Posted 28 July 2007 - 06:01 AM
An example of this would be...
Lumber Supplier: If a user types Lumber Supplier well great it comes to you. But what if they type Lumber Suppliers, does google still give the same result?
Lumber Suppliers: If a user types Lumber Supplier, do I get a mention when it comes to results?
I am trying to figure out if i should or shouldnt include the "S" in some of my works when optimising.
Am i better off with or without?
Posted 28 July 2007 - 06:50 AM
Posted 28 July 2007 - 07:11 AM
Posted 28 July 2007 - 09:32 AM
Easy enough to check for yourself. Search the various forms of words and see what shows up and then decide if it's worth your while to optimize for the various forms or not.
Posted 28 July 2007 - 01:48 PM
Posted 28 July 2007 - 02:02 PM
Posted 31 July 2007 - 02:16 PM
Posted 31 July 2007 - 05:11 PM
Posted 31 July 2007 - 06:25 PM
Posted 01 August 2007 - 08:12 AM
Posted 01 August 2007 - 05:10 PM
Both the singular and plural are contained in the home page text.
In Google, Yahoo, MSN, we get first page rankings for ‘Lumber Suppliers’. For ‘Lumber Supplier’ we are nowhere to be seen.
That seems to indicate the difference is important.
The same is true for PPC campaigns. Yahoo Search Marketing treats the singular and plural as the same. Google Adwords does not. I was surprised to find that just as many people search on the singular as on the plural.
Personally, if I were looking to buy (say) a lawn mower, I would put ‘lawn mowers’ in the search box, not ‘lawn mower’. It seems however that many people use the singular.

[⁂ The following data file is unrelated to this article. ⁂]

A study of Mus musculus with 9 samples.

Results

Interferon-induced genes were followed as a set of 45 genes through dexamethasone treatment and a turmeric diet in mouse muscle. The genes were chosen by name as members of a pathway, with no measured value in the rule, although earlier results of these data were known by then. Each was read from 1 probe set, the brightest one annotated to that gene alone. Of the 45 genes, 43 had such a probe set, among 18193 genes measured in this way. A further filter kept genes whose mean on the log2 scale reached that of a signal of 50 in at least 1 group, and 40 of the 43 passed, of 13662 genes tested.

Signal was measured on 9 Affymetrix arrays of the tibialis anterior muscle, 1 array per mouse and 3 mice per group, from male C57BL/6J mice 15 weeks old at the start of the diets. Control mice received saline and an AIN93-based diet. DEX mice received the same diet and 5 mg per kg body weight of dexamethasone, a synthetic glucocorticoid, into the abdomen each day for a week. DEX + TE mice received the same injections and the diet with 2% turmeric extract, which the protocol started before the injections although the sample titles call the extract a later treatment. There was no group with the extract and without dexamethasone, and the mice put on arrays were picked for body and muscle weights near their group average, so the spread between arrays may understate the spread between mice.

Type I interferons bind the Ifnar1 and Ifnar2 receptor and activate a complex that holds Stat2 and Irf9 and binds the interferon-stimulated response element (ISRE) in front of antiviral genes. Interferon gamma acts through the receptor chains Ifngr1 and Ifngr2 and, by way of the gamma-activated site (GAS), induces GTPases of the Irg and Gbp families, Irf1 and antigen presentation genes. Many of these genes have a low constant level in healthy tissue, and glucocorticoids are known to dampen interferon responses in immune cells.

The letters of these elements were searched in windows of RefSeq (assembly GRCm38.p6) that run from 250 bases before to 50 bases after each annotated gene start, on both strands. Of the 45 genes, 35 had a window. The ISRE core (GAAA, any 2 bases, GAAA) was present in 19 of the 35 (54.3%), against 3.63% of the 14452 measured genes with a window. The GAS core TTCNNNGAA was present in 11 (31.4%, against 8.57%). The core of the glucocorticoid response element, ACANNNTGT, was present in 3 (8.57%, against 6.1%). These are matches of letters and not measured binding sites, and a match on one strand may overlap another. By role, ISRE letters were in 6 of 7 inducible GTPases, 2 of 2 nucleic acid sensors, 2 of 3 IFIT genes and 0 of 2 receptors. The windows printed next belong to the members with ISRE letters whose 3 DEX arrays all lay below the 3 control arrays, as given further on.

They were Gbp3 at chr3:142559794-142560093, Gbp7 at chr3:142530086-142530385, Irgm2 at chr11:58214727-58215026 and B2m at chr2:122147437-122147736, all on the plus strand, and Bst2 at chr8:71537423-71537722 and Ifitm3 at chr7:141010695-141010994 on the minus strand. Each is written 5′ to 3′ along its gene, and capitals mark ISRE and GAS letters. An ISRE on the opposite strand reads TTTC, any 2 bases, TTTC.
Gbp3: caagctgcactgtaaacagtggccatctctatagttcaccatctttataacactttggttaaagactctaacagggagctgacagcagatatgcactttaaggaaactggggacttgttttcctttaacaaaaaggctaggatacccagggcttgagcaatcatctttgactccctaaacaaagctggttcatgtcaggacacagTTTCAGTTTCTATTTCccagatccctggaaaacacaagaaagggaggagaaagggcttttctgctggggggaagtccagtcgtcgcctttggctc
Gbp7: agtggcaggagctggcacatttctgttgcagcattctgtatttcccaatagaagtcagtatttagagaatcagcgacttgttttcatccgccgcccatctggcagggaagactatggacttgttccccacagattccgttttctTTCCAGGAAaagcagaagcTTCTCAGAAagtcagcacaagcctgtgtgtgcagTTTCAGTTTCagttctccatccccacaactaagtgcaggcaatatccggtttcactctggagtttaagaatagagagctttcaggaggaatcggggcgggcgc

I have a theory about this that FWIW goes like this....
Many online searchers imagine themselves to be in a bricks and mortar shop. You wouldn’t say to the shop assistant ‘I want lawn mowers’ because you don’t – you’re looking for just one. You’d say ‘I want a lawn mower’.
Similarly, when you imagine a purchase, you have a mental image of one – ie. one lawn mower – not a row of them.
That might be complete tosh but I can’t think of another explanation.
Posted 01 August 2007 - 06:09 PM
BTW it seems to make more difference if the plural (and even more so m/f forms) are complex to the rankings. Playing around with searching 'keywords' it seems like you get more results optimised for 'keyword' if the plural is simple.
Try: goose/geese/gander. Interestingly, the 'geese' SERP ranks wikipedia: 'goose' no 1. but I think this can be attributed to in text use of geese as much as google recognising synonyms. I have no doubt they recognise plurals/synonymns/gender but using the exact search term is still worth while, I think.
Posted 11 August 2007 - 01:19 AM
Posted 16 August 2007 - 11:54 PM
You mean for example:
"Title - Titles" is better than either "Title" or "Titles"?